Summer by Cao Wenxuan; illustrated by Yu RongWhat it’s about: Seven animals. One shady tree. On a hot day in the grasslands, it's a recipe for discord, unless the sweltering creatures can find a way to cooperate and cool off.
Why kids might like it: Clever design and careful pacing set up a guessing game for kids, complete with visual hints to clue them in about which animal will appear after each page turn.
Camp Tiger by Susan Choi; illustrated by John RoccoWhat it’s about: While on a family camping trip, a little boy acquires an unexpected companion: a large, friendly tiger.
What happens: Even though he doesn’t like change, and definitely doesn’t want to start first grade after they return home, the boy quickly bonds with the tiger, leading to outdoor adventures and newfound confidence.
About the creators: Award-winning artist John Rocco illustrates this debut picture book from novelist Susan Choi.
If I Was the Sunshine by Julie Fogliano; illustrated by Loren LongWhat it is: a sweet, heartfelt poem that invites kids to consider the variety of connections through which people and animals show their love.
Read it for: perfectly paced wordplay paired with soft-edged illustrations of people, plants, and animals.
Who it’s for: Kids (and adults) in search of a fresh, contemporary readalike for Margaret Wise Brown’s classic The Runaway Bunny.
My Papi Has a Motorcycle by Isabel Quintero; illustrated by Zeke PeñaWhat it is: an exhilarating, wind-in-your-hair ride through Corona, California, from the perspective of an adventurous girl on the back of her papi’s motorcycle.
Art alert: With kinetic lines, muted ice cream colors, and a detailed cityscape, the book’s illustrations feel just as vivid and authentic as its bilingual dialogue.
Try this next: For a quieter but equally joyful visit to an urban neighborhood, try Windows by Julia Denos.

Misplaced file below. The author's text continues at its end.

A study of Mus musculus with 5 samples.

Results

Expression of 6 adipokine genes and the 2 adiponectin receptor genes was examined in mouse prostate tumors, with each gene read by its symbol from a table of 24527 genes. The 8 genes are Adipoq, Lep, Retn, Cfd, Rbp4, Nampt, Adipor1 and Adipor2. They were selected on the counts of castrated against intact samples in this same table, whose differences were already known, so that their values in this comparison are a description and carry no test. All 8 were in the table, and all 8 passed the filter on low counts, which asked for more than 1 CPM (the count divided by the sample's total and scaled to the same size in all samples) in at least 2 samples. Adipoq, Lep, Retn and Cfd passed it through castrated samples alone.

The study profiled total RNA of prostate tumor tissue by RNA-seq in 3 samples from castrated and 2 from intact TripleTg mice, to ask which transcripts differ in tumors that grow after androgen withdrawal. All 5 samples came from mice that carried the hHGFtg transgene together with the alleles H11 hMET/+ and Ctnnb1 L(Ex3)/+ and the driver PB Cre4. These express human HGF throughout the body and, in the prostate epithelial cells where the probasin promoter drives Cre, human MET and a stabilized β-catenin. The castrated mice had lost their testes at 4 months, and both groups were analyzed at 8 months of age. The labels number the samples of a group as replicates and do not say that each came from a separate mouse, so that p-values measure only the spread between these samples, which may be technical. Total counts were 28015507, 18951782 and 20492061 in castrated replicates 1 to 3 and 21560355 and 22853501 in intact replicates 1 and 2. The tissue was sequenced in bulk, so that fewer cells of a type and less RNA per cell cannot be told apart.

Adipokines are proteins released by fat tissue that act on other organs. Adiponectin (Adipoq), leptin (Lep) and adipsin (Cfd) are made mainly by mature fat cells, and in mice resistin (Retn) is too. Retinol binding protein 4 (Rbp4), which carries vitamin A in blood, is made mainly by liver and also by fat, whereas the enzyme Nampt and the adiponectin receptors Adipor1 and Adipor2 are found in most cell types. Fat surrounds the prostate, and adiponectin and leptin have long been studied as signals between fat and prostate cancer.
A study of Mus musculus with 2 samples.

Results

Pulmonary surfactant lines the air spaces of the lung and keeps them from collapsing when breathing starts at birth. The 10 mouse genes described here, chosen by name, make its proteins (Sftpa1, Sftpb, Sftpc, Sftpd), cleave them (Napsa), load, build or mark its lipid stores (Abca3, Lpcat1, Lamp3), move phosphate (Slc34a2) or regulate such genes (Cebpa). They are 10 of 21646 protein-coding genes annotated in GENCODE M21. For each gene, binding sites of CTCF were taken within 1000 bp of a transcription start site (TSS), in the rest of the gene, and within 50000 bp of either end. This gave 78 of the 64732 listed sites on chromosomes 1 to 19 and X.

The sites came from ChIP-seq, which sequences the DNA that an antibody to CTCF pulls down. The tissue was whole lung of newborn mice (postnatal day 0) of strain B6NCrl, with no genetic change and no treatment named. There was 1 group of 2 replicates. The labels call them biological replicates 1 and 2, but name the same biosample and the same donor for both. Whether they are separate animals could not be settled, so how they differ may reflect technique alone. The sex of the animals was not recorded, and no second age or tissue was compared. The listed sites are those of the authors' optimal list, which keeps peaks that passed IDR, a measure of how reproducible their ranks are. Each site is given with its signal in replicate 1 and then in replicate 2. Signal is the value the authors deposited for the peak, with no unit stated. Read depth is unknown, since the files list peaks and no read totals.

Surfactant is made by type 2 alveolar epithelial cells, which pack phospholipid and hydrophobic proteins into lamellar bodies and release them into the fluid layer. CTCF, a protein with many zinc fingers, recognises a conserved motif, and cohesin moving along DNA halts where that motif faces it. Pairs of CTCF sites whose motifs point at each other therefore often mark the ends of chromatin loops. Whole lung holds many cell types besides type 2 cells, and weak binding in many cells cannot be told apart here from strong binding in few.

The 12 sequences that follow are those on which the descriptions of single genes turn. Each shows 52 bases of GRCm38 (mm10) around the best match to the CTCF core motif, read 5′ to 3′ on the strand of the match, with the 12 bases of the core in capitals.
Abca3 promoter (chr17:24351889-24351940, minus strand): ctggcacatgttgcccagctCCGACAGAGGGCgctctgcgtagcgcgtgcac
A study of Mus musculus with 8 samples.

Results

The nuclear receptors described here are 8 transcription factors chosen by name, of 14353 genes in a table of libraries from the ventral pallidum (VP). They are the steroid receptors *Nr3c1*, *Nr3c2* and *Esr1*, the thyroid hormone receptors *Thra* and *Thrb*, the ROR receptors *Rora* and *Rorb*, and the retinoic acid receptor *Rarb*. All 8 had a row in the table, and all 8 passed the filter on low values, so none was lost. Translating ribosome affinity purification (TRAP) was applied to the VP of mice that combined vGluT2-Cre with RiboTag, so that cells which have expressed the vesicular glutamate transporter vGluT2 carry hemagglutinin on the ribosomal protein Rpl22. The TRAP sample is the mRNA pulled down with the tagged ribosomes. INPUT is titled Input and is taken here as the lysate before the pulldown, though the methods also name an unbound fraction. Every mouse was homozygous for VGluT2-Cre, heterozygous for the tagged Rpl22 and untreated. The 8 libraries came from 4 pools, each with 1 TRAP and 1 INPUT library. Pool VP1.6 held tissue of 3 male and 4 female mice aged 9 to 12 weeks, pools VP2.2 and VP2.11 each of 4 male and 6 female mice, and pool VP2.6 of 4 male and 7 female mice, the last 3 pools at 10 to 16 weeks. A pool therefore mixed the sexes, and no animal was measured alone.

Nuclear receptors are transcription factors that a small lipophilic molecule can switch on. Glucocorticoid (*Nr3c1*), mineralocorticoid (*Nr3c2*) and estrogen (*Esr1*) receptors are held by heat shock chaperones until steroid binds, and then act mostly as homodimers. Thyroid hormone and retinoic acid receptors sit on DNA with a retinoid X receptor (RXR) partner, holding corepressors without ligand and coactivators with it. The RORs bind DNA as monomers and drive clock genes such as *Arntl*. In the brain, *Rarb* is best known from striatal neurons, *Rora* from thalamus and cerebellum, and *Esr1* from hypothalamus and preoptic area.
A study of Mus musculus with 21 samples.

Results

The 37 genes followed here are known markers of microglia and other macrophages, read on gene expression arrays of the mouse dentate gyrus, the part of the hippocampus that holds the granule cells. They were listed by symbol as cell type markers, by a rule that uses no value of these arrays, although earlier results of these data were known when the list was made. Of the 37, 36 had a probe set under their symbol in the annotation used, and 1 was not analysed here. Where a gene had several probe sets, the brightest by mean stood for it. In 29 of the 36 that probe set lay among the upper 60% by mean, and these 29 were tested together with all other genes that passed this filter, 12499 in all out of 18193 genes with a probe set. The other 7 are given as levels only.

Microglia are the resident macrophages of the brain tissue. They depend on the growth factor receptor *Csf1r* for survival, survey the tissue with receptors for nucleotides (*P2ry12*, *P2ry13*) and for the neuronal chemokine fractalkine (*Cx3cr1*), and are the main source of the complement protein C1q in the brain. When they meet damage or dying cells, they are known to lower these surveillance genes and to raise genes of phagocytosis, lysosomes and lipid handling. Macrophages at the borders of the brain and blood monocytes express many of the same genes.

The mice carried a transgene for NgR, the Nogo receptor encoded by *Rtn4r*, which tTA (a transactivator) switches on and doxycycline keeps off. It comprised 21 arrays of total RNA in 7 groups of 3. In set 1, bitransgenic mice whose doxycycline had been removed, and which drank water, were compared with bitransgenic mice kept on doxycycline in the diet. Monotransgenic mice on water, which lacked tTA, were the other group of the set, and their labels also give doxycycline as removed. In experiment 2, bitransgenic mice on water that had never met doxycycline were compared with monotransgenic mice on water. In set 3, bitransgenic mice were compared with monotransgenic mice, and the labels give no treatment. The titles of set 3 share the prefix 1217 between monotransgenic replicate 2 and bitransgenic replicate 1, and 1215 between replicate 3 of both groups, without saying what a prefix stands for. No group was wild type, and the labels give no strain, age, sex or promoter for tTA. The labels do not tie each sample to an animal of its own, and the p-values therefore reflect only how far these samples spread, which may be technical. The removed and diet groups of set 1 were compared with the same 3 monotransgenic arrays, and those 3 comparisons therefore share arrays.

Llama Destroys the World by Jonathan Stutzman; illustrated by Heather FoxWhat it is: a supremely silly and open-ended story about “the ultimate doom of everything.”
Starring: doofy, googly-eyed Llama, who eats a gigantic pile of cakes, causing him to rip his dancing pants with enough force to create an all-consuming black hole.
For fans of: Adam Rubin’s Dragons Love Tacos, a similarly absurd tale featuring unusual -- and potentially hazardous -- eating habits.
Little Green Peas: A Big Book of Colors by Keith BakerWhat it is: Smiling, anthropomorphic peas guide readers through this rhyming introduction to nine different colors.
Why kids might like it: There are surprises on every page as playful peas cavort through the colors, encouraging kids to seek and find them all. And don’t miss the paper airplane that glides through every spread!
Series alert: This is the 3rd in the Peas series which begins with LMNO Peas, though kids can read them in any order.
Peanut Butter & Cupcake! by Terry BorderStarring: Peanut Butter, who’s looking for a new friend.
What happens: Peanut Butter sings as he searches: "I’ll make you chuckle deep down in your belly, and we’ll go together like Peanut Butter and..." Although children will know just how to complete the rhyme, it takes Peanut Butter several tries to find his ideal bestie.
Art alert: Photos of anthropomorphic food with bent wire limbs adds ample whimsy to this tale, which is followed by several sequels.
Potato Pants! by Laurie KellerThe setting: Lance Vance’s Fancy Pants Store, where there’s a one-day-only sale on (you guessed it) pants for potatoes!
The dilemma: Potato is beside himself with excitement until he spots his nemesis, Eggplant, among the eager shoppers. Can Potato find the courage for a confrontation, or will there be no new duds for this spud?
Why kids might like it: Potato’s wide eyes and penchant for ALL CAPS dialogue make him a giggle-worthy character that kids will root for.
The Nuts: Bedtime at the Nut House by Eric Litwin; illustrated by Scott MagoonIntroducing: siblings Hazel and Wally Nut, who’d much rather keep playing, dancing, and bouncing all over their family’s treehouse than go to bed.
Sing out! While they resist bedtime (and the reprimands of Mama Nut), Hazel and Wally sing a reassuringly repetitive song; readers can make up their own tune, or listen to the included recording.
Series alert: This is the 1st in a pun-tastic series from the author of the Pete the Cat books.
Nothing Rhymes with Orange by Adam RexWhat it’s about: An orange feels left out as a cheery cavalcade of fruit proclaims their virtues in rhyme. Their efforts range from comically awkward (cabana with banana, antelope with cantaloupe) to esoteric (Nietzsche with lychee), prompting frustration from the neglected orange. Can some inventive wordplay sweeten this sour citrus?
Who it’s for: With a blend of absurdity and empathy, this offbeat read-aloud will resonate with anyone who's ever felt overlooked.
Contact your librarian for more great books for ages 0-8!